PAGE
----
You may know that I sometimes have a difficult time keeping track of belongings. So far I have lost: sunglasses, my girlscout bandana, and my sun dome umbrella. I am always angry with myself when I misplace my gear but I was fetching angry when I broke camp on May, 16th, only to find that my sun umbrella was missing. I had planned to hike into Warner Springs that day and wanted to hike the sixteen miles to the post office before they closed for the day.
I knew that my umbrella must be no further than six miles south of my camp because I had taken a nap and a photograph of it at a landmark called the first gate. There is a pipe cattbyle gate at that point on the trail. I had camped that night at the third gate, which is famous for being well supplied with water for thirsty hikers. Water is scarce along
the trail in this section.
Because I had access to water and because I could’t imagine hiking across the Mojave Desert without it I decided to hike south in an attempt to recover it. I could have hidden my pack to hike lighter but I am somewhat apprehensive about leaving my “child” behind unattended.
Mile after mile I walked looking in the brush and over the canyon ledges with no luck. I made my way sadly to the first gate with a sinking heart. It was gone. I turned heading north once again toward Canada.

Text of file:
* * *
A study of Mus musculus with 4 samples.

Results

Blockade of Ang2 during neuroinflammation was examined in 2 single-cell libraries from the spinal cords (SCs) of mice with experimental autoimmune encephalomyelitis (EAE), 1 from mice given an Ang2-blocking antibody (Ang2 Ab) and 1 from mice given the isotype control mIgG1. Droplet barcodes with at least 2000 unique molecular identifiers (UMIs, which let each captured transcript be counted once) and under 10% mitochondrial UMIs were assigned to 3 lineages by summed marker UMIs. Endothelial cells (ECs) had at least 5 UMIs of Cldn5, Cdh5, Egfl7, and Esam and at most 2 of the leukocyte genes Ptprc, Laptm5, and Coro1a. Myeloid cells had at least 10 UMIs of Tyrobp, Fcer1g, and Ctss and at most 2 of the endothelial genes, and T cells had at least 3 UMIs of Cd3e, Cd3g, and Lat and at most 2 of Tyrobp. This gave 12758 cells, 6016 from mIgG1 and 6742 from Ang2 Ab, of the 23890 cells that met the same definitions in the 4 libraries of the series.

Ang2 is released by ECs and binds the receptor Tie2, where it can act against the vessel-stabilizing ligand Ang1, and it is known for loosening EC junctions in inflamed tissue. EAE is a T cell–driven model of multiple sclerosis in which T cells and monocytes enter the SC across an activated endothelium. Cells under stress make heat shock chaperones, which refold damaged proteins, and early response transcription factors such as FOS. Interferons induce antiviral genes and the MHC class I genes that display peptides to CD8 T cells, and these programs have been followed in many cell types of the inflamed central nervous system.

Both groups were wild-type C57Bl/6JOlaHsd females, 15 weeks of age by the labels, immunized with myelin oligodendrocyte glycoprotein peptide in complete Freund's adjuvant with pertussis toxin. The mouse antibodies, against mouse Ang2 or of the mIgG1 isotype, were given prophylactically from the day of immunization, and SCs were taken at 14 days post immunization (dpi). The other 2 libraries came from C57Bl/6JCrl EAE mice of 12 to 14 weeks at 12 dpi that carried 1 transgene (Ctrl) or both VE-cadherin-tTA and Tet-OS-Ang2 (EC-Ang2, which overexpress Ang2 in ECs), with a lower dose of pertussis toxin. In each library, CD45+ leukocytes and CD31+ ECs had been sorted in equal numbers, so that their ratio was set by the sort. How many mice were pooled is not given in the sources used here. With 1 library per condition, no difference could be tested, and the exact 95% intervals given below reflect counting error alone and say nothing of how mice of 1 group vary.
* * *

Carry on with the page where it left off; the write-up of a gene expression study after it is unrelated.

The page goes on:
I was angry with myself all day long. It was fitting punishment to hike, six, well twelve more accurately, extra miles as a lesson. I walked all day in the heat. It must have been 100 degrees that afternoon. The trail crosses several cow pastures before coming to Warren Springs. I was detained by six dairy cows climbing into the hills. Their udders were full of milk and the kicked am incredible amount of dust as I walked behind them. And were they slow! They would stop and look at me at every bend in the trail with their lovely brow eyes. I clapped my hands and shouted, “Let’s go girls to Canada.”. Finally, they moved off the trail allowing me to pass them by.
Just as the sun set I heard the coyotes howling. I came to this enermous field all golden in the sun set. There were Ravens scattered among the hills black and mysterious against the golden grass. My presence disturbed them from their roost and one after the other they took to the sky. It uplifted my spirit to hear their coarse call and to see the simplicity of their evening routine. It wasn’t until the moment of watching the Common Ravens that I forgave myself.
I hiked into the night making camp about a mile south of Warren Springs. I would get to the post office before they opened at 8 am and organize my gear. Also, I learned from a notice posted on the trail that there was a community center open to hikers from 1pm until 5, where we could rest and charge our phones.
The next day I picked up my box, organized my gear and headed to the community center. I opened the door only to find Lightweight sitting at a table, his nose plugged with tissue, eating a burger and fries. “Hey, Birdy! Did you loose your dome?” he asked.
Lightweight, a hiker from Colorado, whom I had met on the first day of my hike did for me four favors. Finding my umbrella and hiking it into Warren Springs was the fourth act of kindess he did for me.